Rain shortages deliver frantic wool buying | Elders

Wool market hits 1300c on reduced offerings

The dramatic reduction of wool into sales because of the recent run of wet weather saw significant price gains last week.

The dramatic reduction of wool into sales because of the recent run of wet weather saw significant price gains last week.


The dramatic reduction of wool into sales because of the recent run of wet weather saw significant price gains last week.


THE recent run of wet weather which has dramatically reduced the flow of wool into store finally tipped the balance in favour of sellers and the activity in the auction room was rather frantic on Thursday.

Given the reduced forecast offerings in coming weeks buyers were forced to ramp up their buying to fill orders that have to be shipped within the month of October. After a minor rise of 5c on the first selling day, the market cranked up another notch on Thursday and the EMI jumped by 13c but significantly, medium Merino fleece types rose by 30c to 40c after having been on the back foot in recent weeks.

Superfine wool continued to build on recent performances, with solid gains for the week of around 45c, medium Merino fleece wool followed suit while medium micron skirtings rose by 20 to 30c, and those finer than 17.5 micron were often extreme. Carding wools remained solid with a lift of 10-15c, but crossbred are grimly hanging on to support levels and for the most part eased again.

The north market indicator closed on 1341c, up 8c. The 17 micron indicator closed on 1615c, 18 micron 1602c, 19 micron 1534, 20 micron 1411, 21 micron 1391, 22 micron 1359, 28 micron 771, and 30 micron 603.

As the middle of October processing mills are beginning to focus on the stocks required for the new season, and with current relatively low offerings some of the more astute mills are stepping up their activity. In the background there is still a bit of noise being generated by the US election circus, indecision about interest rates in the US and China’s debt levels, but the weather is starting to cool down across the top of the globe, consumers are restocking their winter wardrobes and processors know that their customers will need to buy more product in 2017.

The long lead time from farm gate to retail shelf by necessity means that decisions often need to be taken before orders are actually placed for garments, and although processors would like to wait for certainty, most know that they cannot wait too long. In parts of the pipeline individual companies or traders will maintain a buffer stock to service the growing ‘just-in-time’ mentality, but there is simply not enough capacity in the system for everyone to sit and wait.

The pendulum is moving steadily towards further upside for the wool market with the majority of the previous negative factors ‘under control’ at the moment. China’s growth prospects are lifting according to a recent Morgan Stanley report with GDP forecasts being raised from 6.4 per cent to 6.7pc for this year, and 6.4pc from 6.2pc for 2017.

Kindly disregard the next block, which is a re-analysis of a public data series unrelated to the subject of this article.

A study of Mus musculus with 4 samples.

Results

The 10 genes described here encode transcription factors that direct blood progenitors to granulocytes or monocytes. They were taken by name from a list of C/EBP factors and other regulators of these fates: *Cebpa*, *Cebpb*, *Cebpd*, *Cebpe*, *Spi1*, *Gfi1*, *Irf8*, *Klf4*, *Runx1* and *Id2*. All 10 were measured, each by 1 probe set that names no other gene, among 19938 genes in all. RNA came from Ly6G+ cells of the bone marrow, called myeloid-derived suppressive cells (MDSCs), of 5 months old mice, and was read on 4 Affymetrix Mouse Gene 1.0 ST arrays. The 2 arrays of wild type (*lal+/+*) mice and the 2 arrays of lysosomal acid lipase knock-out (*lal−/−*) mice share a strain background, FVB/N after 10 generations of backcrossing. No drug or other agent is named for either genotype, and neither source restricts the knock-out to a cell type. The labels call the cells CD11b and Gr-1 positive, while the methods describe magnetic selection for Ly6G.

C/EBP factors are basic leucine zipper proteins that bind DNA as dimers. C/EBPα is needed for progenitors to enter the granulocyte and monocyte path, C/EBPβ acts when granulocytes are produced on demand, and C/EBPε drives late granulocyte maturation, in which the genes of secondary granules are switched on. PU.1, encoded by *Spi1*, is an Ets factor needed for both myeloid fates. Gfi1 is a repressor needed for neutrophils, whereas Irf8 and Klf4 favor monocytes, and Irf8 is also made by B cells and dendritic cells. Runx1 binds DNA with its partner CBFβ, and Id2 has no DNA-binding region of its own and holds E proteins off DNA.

The report noted better-than-expected external demand together with strong fiscal support from the government is generating more factory activity and profits. Certainly the activity in China on the wool front is also starting to lift as well. Uniform business is still providing the base-load of demand, but other product demand, particularly in the worsted fabric sector is also increasing. With the pipeline remaining virtually empty this immediately triggers buying activity in the auction room in Australia.

The on again, off again production cuts by OPEC is causing volatility in world markets. Not just in the actual market price of oil and its derivatives, but also in the world currency markets as a by-product of the uncertainty. Rising crude oil prices are positive for economies such as Russia, and also for world inflation in general. They will also tend to push up the price of competing fibres such as polyester making it easier for wool to sustain a rising price. However with the OPEC production cut far from certain, volatility in currency markets is creating some unwanted stress for the wool trading fraternity.

Superfine: European interests were again active this week particularly on the superfine and ultrafine lots that met their processing criteria. The small selection forced some buyers to widen their specifications and thus discounts for overlong or faulty wools lessened temporarily. The gap between medium and superfine wools continues to widen and some of the premium growers have long been waiting for is returning. Hopefully it will be enough of an incentive to arrest the previous swing towards meat production in those areas where the best superfine wool is historically produced.

Medium Merino: At the same point last year the Australian wool market stabilised and moved upwards strongly for the remainder of the calendar year, assisted to a degree by a falling local currency. At present the long-term outlook for the wool market is more favourable than in previous years as illustrated by the futures market that is happy to offer prices at reasonable levels for up to two years forward. Providing that the Australian dollar does not appreciate against the US currency there is no reason not to expect another dollar to be added to current prices by Christmas.

Crossbreds: 28 micron wools seem to hanging on to the coat-tails of the merino sector, and in US dollar terms appear to be holding at support levels on the charts. The 30-micron and broader look less comfortable but it is unlikely they will fall while the 28s hold on.

- Bruce McLeish is Elders northern wool manager.